Alliance for the Chesapeake Bay.
New Jersey Invasive Species Strike Team; Friends of Hopewell Valley Open Space.
Includes New Jersey Invasive Species Strike Team Target & Watch Species along with all Widespread Invasive Species in New Jersey. See also Info Center for more resources.
Washington Native Plant Society.
Amphibian and Reptile Conservation (United Kingdom). National Amphibian and Reptile Recording Scheme.
American Phytopathological Society.
Entomological Society of America. Entomology Today.
Invasive insect and arthropod species make for a lot of scary headlines—think emerald ash borer, spotted lanternfly, and Asian longhorned tick, just to name a few. But success stories in invasive-species response are out there. They just need to be told. One of those success stories is the eradication of the European grapevine moth (Lobesia botrana) in northern California after it was found there in 2009. A cooperative, multipronged response effort kept infestations from running wild, and it was declared eradicated in 2016, two years after the last adult moth was caught in the region. The story of this effort is recounted, along with analysis of the invasion’s dynamics, in a study published in January in the Annals of the Entomological Society of America.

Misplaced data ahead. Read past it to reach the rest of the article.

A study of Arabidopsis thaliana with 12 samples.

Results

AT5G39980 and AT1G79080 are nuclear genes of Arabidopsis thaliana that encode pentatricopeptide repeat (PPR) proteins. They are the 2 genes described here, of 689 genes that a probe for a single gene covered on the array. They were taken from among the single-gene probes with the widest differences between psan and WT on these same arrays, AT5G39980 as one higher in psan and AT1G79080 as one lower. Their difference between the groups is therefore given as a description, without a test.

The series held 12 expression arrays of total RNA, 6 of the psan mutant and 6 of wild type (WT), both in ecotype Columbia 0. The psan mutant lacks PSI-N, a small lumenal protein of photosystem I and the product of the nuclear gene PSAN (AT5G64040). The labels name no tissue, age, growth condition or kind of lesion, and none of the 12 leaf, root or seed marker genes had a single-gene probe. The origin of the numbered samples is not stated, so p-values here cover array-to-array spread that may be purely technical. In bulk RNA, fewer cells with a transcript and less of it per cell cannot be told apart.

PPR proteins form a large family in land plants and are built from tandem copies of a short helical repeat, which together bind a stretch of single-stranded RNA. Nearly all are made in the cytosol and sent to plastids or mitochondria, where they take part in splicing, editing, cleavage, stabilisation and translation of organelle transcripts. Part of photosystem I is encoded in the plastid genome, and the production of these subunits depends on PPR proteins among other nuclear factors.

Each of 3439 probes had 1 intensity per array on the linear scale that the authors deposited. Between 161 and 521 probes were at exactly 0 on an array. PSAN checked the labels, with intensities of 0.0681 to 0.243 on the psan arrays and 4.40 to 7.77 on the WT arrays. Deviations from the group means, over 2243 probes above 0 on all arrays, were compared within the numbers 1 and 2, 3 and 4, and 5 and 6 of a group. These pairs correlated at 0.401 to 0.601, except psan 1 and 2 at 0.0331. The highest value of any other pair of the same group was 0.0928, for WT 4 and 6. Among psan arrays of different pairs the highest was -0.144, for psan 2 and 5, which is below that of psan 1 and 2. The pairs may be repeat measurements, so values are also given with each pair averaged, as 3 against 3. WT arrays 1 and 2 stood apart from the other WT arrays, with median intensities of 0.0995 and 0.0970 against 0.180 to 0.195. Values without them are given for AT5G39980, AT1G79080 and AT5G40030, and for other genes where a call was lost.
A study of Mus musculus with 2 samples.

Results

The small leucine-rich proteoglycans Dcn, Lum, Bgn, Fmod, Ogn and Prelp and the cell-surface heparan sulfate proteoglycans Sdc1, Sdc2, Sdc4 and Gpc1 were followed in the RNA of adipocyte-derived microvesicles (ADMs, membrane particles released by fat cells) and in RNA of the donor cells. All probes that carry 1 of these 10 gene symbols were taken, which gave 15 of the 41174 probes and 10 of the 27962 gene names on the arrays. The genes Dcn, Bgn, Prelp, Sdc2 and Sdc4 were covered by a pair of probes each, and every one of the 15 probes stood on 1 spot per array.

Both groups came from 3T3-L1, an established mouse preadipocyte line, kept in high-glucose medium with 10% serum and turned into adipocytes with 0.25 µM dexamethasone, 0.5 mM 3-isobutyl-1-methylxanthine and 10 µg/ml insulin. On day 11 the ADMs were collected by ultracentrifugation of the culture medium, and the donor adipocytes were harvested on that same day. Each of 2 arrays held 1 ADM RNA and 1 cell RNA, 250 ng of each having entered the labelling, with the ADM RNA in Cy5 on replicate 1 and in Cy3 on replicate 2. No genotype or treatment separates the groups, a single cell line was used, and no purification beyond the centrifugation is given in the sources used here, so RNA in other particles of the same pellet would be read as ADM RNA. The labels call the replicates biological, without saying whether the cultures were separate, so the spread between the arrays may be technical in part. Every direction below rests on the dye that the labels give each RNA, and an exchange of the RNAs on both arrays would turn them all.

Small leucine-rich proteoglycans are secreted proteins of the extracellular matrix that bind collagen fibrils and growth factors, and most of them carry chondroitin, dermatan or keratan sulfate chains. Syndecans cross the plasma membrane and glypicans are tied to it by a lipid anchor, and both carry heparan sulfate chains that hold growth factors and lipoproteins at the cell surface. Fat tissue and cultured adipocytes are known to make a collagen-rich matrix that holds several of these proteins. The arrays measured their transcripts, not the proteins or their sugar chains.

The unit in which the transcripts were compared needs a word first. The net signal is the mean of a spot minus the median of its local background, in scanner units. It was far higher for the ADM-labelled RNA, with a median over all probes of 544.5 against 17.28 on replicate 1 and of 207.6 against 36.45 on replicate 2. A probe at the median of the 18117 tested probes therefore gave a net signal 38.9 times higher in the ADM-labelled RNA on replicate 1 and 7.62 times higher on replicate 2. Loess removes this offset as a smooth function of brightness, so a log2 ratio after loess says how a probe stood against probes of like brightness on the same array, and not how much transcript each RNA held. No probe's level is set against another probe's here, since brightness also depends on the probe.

Nature Conservancy. Global Forest Partnership. Forest Health Program.
Tahoe Resource Conservation District.
Tip of the Mitt Watershed Council (Michigan).
Fund for Lake George (New York).
American Veterinary Medicine Association.
National Wild Turkey Federation.
Indiana Native Plant Society.
Lake Champlain Land Trust.
Restoring islands through the removal of non-native invasive mammals is a powerful biodiversity conservation tool. This new study now shows that human communities on islands could benefit from restoration actions, which can potentially reduce or eliminate the burden of diseases transmitted to people by invasive species. Simply put, removal of invasive species can benefit human health in addition to ecological health.